Pity the poor Canadians, because they’re now afflicted with the generations-long scourge that has plagued Newfoundlanders — neither of the two leading political parties deserves to win, but one of them will.
Prime Minister Justin Trudeau deserves to lose mainly because of his interference in the prosecution of SNC-Lavalin, a Quebec company dogged by scandal. (Let’s leave it to linguists to determine whether “Quebec company dogged by scandal” is redundant.)
Devout Liberal supporters claim Trudeau’s machinations were no big deal. Apparently, in the Liberals’ world-view, a leader attempting to pervert the course of justice and undermine the rule of law — as opposed to the rule of who-you-know, or the rule of how-much-money-you-have — is just dandy, as long as his campaign signs are red.
There are other reasons Trudeau deserves to lose, as did his provincial counterpart and buddy Dwight Ball, who Newfoundlanders bravely and uncharacteristically slapped down to minority-government status.
Trudeau is arrogant, condescending and a spoiled rich brat, but even more repulsive is his chosen campaign slogan: “Choose forward.”
Yes, Canada, go forward, move forward, to the end of the day, when choosing backward will be off the table.
Perhaps this can be blamed on all Liberals, not just Trudeau. It is the reduction of politics and public discourse to triteness, banality and cliché.
That said, let’s grudgingly concede, sort of, a single point to the Liberals: their main opponent, the Conservative Party of Canada, continues its years-long effort to return society to the glory days of the 19th century.
Like Newfoundland’s Progressive Conservatives, the federal Conservatives endorse rule by the rich, and compliance by everyone else.
The federal Conservatives/Canadian Alliance/Reform Party/Progressive Conservatives have been touting this ideology for 35 years. They go to bed at night dreaming about bringing back child labour and the 16-hour workday.
But, like conservatives the world over, they have pushed their brutal philosophy too far.
They almost admit as much in their moronic campaign slogan: “It’s time for you to get ahead.”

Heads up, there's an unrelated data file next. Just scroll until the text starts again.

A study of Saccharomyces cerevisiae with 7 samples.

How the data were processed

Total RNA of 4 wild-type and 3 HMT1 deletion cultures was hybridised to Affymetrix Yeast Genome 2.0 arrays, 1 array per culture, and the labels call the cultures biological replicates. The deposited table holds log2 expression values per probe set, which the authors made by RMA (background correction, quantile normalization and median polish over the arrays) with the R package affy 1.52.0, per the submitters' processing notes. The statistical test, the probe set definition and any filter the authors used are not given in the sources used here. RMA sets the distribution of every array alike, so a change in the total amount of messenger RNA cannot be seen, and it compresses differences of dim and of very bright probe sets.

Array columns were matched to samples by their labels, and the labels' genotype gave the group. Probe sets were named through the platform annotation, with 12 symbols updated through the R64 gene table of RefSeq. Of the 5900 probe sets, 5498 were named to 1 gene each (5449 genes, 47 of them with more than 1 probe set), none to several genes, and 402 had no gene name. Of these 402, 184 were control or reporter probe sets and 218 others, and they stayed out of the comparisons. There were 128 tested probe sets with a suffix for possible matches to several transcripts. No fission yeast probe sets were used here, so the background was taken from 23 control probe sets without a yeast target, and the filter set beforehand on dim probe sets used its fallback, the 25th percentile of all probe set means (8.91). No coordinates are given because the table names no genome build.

Of course, it is aimed at the Liberals — the reds have prevented you from getting ahead! — but thoughtful voters will hear that Conservative slogan and wonder, “Well, why have you sided all these years with the rich and powerful?”
A good reason as any to vote against Conservative Leader Andrew Scheer is that he has been an MP since he was 25 years old. Like Stephen Harper, the Conservative leader before him upon whose knee he was raised, Scheer has had his snout inserted deeply into the public trough for most of his adult working life.
And yet both Harper and Scheer, without a shred of self-awareness, are cheerleaders for cruel capitalism and so-called self-reliance, and the evils of government “interference” in the economy and society in general.
The blatant repulsiveness of the Harper-Scheer Conservatives has spawned a “Stop Scheer” movement, whose proponents claim voters shouldn’t cast ballots for a party, but against a party.
Don’t think about this while hiking on the East Coast Trail, because the Scheer hypocrisy will make you dizzy and liable to wander dangerously close to a cliff edge.
The blatant repulsiveness of the Harper-Scheer Conservatives has spawned a “Stop Scheer” movement, whose proponents claim voters shouldn’t cast ballots for a party, but against a party, i.e., you might be revolted by the conniving Trudeau, but you’d better vote for him if you don’t want Prime Minister Andrew Scheer.
In this, we see the utter corruption of democracy. The “Stop X” campaign — also evident in the U.S., today as in 2016 — is proof that the democratic ideal is dead. Parties don’t vie to govern for the benefit of the citizenry, they vie to govern for the benefit of their party and its ideology.
Really, it shouldn’t matter much who wins the Oct. 21 election. On Oct. 22, Canadians should be able to have confidence that the winner will rule with the best interests of the entire country in mind.
Is this naïve? No, it is actually how democracy is supposed to work.
The destruction of democracy’s ideals began with the rise of the ultra-conservatives: Margaret Thatcher in the U.K. in 1979, Ronald Reagan in the U.S. in 1980 and Brian Mulroney in Canada in 1984. If you’re mystified and disgusted by the emergence of Donald Trump and right-wing populism, blame those three, not “white-supremacist fascists.”
Brian Jones is a desk editor at The Telegram. He can be reached at firstname.lastname@example.org.